The long-awaited Moon Knight TV series made its debut on Disney+ on Wednesday, March 30. After much hype, conjecture, and speculation, as well as a craving for something new from the MCU – it’s been three months, for crying out loud – on the part of comic book collectors and investors, let’s take a look at the reaction by the market and see which books moved up and which moved down after Moon Knight episode 1.
Right off the bat, the March 30 eBay sale of a 9.8 Werewolf by Night #32 sale has to be mentioned. Even figuring a generous 15% reduction of the $90K asking price puts us at $76,500, well above the March 19 $70,500 sale of a 9.8 in a ComicConnect auction. My guess is that March 30 sale was somewhere between $80K and $85K.
Just think about this: two years ago a 9.8 copy sold in a Heritage auction for $31,200. So, in two years, this book has risen an astonishing 164% in value. This puts Werewolf By Night #32 in rarefied air as one of THE blue chip bronze age books, in the neighborhood of Incredible Hulk #181 and well above Giant-Size X-Men #1, Amazing Spider-Man #129, and Tomb of Dracula #10.
While not record-setting, sales of Marvel Spotlight #28 – Moon Knight’s first solo appearance – were brisk on Wednesday and Thursday of last week, with many raw copies being sold and a few higher-graded copies. A 9.2 copy sold on eBay for $639 on Wednesday, higher than the 30-day, 60-day, and 1-year averages. Another 9.2 copy sold on Thursday on eBay for a slightly lower $612, still above the averages.
The big winner was a 9.4 sale on eBay for $800 on Thursday, again above the 30-day, 60-day, and 1-year averages. None of these are peak high sales for this book; the peak was Fall of 2021. Still, they’re above-average sales, showing a bump from the premier of the show.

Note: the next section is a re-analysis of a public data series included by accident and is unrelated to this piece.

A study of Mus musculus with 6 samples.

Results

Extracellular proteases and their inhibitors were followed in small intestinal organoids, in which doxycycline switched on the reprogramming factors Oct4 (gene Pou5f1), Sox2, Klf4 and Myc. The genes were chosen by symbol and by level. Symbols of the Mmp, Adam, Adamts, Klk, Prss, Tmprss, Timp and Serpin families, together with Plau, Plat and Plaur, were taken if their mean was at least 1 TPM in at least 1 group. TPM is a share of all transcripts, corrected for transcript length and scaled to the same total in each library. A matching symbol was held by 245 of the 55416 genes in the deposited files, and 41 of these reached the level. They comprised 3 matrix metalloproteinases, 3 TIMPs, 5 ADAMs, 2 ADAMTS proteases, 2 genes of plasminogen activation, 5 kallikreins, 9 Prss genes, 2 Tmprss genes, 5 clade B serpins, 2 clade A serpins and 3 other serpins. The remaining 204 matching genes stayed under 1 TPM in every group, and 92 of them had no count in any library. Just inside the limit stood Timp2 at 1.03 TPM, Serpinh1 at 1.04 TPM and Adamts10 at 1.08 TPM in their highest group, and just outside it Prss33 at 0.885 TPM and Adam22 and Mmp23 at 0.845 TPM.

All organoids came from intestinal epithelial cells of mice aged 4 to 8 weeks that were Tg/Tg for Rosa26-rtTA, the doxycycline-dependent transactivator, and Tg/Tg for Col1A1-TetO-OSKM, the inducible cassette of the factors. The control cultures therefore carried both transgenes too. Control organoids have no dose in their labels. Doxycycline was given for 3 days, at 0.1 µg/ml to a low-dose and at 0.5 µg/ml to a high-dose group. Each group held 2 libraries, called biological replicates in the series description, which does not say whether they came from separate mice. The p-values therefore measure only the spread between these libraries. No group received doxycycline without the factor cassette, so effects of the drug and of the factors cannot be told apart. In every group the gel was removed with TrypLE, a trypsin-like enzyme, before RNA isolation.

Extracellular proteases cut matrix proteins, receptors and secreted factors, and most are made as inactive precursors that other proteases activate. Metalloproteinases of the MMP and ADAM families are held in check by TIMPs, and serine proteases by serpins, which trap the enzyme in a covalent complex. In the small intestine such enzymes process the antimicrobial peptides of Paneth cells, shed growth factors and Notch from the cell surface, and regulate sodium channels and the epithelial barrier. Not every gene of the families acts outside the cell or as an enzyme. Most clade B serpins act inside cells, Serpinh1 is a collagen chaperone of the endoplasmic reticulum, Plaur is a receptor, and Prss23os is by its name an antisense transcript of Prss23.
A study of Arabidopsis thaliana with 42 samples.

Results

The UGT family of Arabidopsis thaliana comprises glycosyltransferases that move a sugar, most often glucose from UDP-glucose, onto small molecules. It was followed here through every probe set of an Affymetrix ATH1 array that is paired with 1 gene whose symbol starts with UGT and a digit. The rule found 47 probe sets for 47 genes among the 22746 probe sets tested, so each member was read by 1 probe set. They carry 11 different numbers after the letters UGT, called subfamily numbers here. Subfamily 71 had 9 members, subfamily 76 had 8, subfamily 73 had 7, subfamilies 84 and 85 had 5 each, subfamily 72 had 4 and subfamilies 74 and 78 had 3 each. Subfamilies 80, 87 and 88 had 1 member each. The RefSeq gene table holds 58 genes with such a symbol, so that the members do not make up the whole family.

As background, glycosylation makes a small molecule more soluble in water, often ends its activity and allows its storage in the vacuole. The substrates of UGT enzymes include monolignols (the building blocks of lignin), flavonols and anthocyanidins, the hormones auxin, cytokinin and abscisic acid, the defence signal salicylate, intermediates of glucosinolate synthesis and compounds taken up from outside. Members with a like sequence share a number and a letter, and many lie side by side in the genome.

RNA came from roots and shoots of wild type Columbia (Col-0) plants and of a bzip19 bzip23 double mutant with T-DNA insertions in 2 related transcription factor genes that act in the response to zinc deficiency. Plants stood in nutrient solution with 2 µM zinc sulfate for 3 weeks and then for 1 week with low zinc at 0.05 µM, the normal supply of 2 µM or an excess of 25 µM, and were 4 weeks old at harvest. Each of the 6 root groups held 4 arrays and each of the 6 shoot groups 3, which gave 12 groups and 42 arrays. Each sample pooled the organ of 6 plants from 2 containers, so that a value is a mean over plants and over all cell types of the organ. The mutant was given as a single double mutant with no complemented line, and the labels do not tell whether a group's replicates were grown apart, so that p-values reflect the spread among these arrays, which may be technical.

If sales of Marvel Spotlight #28 were brisk, sales of high-grade copies of Moon Knight #1 were a sprint. No fewer than 17 copies graded 9.4 and higher were sold on Wednesday and Thursday. And what a difference a day can make. Looking at the numbers, we see the average sale for a 9.8 copy on 3/30 was $697.50. On 3/31? $895. 9.6 average on Wednesday – $275; on Thursday – $391. 9.4 average on Wednesday – $218.75; on Thursday – $243.
The 9.8 sale on Thursday was a 28% bump from the day prior, a fantastic ROI in just one day. Peak prices for Moon Knight #1 occurred in late Summer and early Fall 2021. However, the Thursday bump for this book was at or above the 30-day, 90-day, and 1-year averages, particularly in the 9.6 and 9.4 grades.
Other Key Issues
Arthur Harrow, the villain of the Moon Knight TV series, made his first appearance in Moon Knight: Fist of Khonshu #2. There were a few high-grade sales on March 30, but they were all at or below the average sales price. A 9.8 copy of Moon Knight (2014 series) #1 sold for a slashed $400 on Thursday, below the price that it fetched earlier in the month.
There were no graded sales of Secret Avengers #19, the first appearance of Moon Knight in his Mr. Knight guise. The same could be said for Mystic Arcana: Magik #1, the first appearance of Ammut, the Egyptian devourer of the dead, in the Marvel Universe. Keep an eye on the latter, however, as there are only eight copies in the CGC census. Should this be a book worth speculation, sending a copy in for grading should be highly considered.
While none of these keys saw any real bump from the premier of the series, there was one big winner – a signature series 9.8 copy of Werewolf by Night #28 (Facsimile Edition), signed by Doug Moench and Al Milgrom, sold for a jaw-dropping $395 on April 1, and then another copy with the same two signatures sold on April 2 for $300.
Did you watch Moon Knight episode 1? Are you buying or selling Moon Knight keys? Do you think these keys will retain their value? Let us know below.
*Any perceived investment advice is that of the freelance blogger and does not reflect investment advice on behalf of GoCollect.